Fiction: Black River

Aberfan disaster novel reminds us Grenfell was not an anomaly

Coal mining produces a lot of waste rock - unsafe storage and rainfall caused a landslide onto the village below

Coal mining produces a lot of waste rock – unsafe storage and rainfall caused a landslide onto the village below   (Click to enlarge: opens in new window)

Scott Jones, East London Socialist Party

Aberfan, Hillsborough, Grenfell. Names synonymous with warnings ignored, corners cut and the disregard capitalism has for working class lives. There are parallels, too, between these disasters in how the media portrays victims and survivors.

‘Black River’, a novel by Louise Walsh, is about events after the Aberfan disaster. 116 people, mostly children, were killed by the collapse of a coal tip on the Welsh village in 1966.

The novel follows Harry, one of the first journalists on the scene, who amid the chaos and horror is appalled by the behaviour of other reporters and their attitude to survivors and rescuers.

He is co-opted into the real-life campaign to take on the media and get them to lay off the village. Like with Hillsborough and Grenfell, the media tried to divert anger onto survivors and victims – instead of those responsible for these preventable disasters.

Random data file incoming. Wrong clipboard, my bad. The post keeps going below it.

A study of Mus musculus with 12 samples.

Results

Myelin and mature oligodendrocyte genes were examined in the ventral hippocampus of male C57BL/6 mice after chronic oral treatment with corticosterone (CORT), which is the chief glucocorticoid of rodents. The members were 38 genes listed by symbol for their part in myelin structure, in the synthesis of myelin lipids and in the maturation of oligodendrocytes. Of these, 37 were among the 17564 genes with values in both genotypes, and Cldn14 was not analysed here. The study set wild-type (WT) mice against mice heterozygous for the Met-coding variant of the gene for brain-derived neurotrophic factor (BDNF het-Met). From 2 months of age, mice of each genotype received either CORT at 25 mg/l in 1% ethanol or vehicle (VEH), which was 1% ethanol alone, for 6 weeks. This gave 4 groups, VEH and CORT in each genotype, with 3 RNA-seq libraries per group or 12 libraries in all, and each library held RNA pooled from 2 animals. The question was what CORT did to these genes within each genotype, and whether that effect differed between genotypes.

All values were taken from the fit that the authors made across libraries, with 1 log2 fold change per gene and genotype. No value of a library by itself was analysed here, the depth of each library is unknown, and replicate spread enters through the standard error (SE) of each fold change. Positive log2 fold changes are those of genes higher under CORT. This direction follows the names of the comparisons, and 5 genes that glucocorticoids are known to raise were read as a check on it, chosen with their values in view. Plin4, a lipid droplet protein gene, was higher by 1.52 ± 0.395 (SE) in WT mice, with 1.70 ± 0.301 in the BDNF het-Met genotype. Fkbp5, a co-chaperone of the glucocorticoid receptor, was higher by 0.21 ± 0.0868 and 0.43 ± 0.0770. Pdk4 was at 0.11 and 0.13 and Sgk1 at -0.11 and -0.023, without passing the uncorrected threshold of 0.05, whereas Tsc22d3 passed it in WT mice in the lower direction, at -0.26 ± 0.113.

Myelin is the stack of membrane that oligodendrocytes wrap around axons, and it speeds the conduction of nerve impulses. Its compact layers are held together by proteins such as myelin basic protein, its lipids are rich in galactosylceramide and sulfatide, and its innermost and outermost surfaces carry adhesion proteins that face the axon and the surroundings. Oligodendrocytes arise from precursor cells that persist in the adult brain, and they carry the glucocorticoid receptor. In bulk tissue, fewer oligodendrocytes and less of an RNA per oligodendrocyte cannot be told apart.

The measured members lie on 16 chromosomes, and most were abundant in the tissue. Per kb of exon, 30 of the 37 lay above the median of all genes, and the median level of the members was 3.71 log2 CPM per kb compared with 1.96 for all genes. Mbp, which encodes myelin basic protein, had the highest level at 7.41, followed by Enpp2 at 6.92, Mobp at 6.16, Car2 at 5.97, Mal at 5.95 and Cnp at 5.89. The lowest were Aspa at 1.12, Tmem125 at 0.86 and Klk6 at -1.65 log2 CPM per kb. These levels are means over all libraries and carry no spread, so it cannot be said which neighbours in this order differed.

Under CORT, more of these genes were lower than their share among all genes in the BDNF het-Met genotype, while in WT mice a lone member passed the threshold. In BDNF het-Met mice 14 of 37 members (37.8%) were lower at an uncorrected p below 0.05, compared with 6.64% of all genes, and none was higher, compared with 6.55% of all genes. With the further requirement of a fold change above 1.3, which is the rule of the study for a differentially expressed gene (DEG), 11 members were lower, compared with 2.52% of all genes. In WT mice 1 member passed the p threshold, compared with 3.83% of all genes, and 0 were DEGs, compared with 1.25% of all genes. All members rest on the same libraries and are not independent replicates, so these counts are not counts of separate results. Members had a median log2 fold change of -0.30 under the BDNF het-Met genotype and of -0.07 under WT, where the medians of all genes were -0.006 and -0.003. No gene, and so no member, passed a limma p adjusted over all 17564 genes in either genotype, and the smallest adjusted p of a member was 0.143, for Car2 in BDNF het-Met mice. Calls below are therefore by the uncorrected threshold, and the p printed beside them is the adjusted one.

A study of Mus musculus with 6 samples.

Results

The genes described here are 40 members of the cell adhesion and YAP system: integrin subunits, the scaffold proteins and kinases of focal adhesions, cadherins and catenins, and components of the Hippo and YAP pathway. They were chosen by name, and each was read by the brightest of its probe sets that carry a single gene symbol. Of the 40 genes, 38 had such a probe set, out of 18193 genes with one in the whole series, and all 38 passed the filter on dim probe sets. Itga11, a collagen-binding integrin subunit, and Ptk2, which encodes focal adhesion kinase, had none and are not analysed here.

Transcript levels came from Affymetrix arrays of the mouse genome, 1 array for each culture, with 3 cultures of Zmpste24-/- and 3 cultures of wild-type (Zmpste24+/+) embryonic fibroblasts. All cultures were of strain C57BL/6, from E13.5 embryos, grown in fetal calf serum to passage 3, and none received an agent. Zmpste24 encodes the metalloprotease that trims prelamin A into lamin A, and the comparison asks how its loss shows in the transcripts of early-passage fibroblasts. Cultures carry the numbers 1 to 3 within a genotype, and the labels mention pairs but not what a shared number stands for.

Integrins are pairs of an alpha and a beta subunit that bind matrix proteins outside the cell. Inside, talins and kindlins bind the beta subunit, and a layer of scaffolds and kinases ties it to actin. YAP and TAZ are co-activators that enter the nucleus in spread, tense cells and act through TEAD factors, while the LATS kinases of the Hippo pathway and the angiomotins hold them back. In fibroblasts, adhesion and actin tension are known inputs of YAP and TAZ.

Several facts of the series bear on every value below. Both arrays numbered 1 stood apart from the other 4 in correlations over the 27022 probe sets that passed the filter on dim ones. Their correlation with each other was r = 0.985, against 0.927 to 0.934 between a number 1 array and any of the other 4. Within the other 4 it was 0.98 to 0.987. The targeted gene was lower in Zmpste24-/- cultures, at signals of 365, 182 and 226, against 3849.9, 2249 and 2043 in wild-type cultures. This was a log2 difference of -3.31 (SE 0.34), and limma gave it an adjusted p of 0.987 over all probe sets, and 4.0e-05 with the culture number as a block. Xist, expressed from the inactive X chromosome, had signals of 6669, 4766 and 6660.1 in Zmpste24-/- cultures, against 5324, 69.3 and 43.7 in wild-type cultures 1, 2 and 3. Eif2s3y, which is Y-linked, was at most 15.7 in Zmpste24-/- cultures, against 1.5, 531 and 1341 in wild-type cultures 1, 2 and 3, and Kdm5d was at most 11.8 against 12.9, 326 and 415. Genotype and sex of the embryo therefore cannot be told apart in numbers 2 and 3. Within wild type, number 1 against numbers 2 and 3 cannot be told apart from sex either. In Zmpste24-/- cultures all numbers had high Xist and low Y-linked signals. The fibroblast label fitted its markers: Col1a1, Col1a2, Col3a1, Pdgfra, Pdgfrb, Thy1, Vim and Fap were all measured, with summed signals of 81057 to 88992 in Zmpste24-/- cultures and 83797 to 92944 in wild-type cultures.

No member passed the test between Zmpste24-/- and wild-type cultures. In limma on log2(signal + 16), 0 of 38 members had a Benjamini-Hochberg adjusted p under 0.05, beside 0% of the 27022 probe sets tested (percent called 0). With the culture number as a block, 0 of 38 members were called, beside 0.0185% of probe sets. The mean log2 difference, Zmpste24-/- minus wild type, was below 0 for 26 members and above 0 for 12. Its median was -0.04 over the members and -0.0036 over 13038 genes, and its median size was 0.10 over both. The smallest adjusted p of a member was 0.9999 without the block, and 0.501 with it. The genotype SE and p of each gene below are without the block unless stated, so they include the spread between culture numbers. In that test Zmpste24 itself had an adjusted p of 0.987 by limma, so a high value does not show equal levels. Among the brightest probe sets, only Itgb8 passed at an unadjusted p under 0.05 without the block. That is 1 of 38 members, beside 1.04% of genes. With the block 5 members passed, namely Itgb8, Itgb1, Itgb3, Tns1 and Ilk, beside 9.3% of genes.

The Telegraph branded the people of Aberfan “greedy” as the community demanded control of the £1.8 million in donations to the ‘Disaster Fund’.

We have seen a similar struggle by Grenfell survivors. Some even turned down offers of free holidays in fear of how it would be reported.

The novel takes us back to 1960s Aberfan, Cardiff and Fleet Street, with cameos from a young Rhodri Morgan, and well-known left Labour MP for Merthyr, SO Davies. Davies battled the press over its reporting on Aberfan – but also his own party leader and prime minister Harold Wilson, who used some of the Disaster Fund to pay for removal of the tips.

Because of this he was deselected and expelled from Labour on the eve of the 1970 general election. Running as an independent socialist, he defeated Labour by 7,000 votes.

Black River is a fascinating glimpse into the aftermath of Aberfan. But while many things have changed since the late 60s, Grenfell shows the need for the real voice of the working class to be heard.

And the story of SO Davies reminds us that we need political representatives who don’t ignore warnings, but fight the profit-driven causes of these preventable disasters. Deselecting the Blairites and booting out the Tories – who all preside over austerity and privatisation – would be a good start.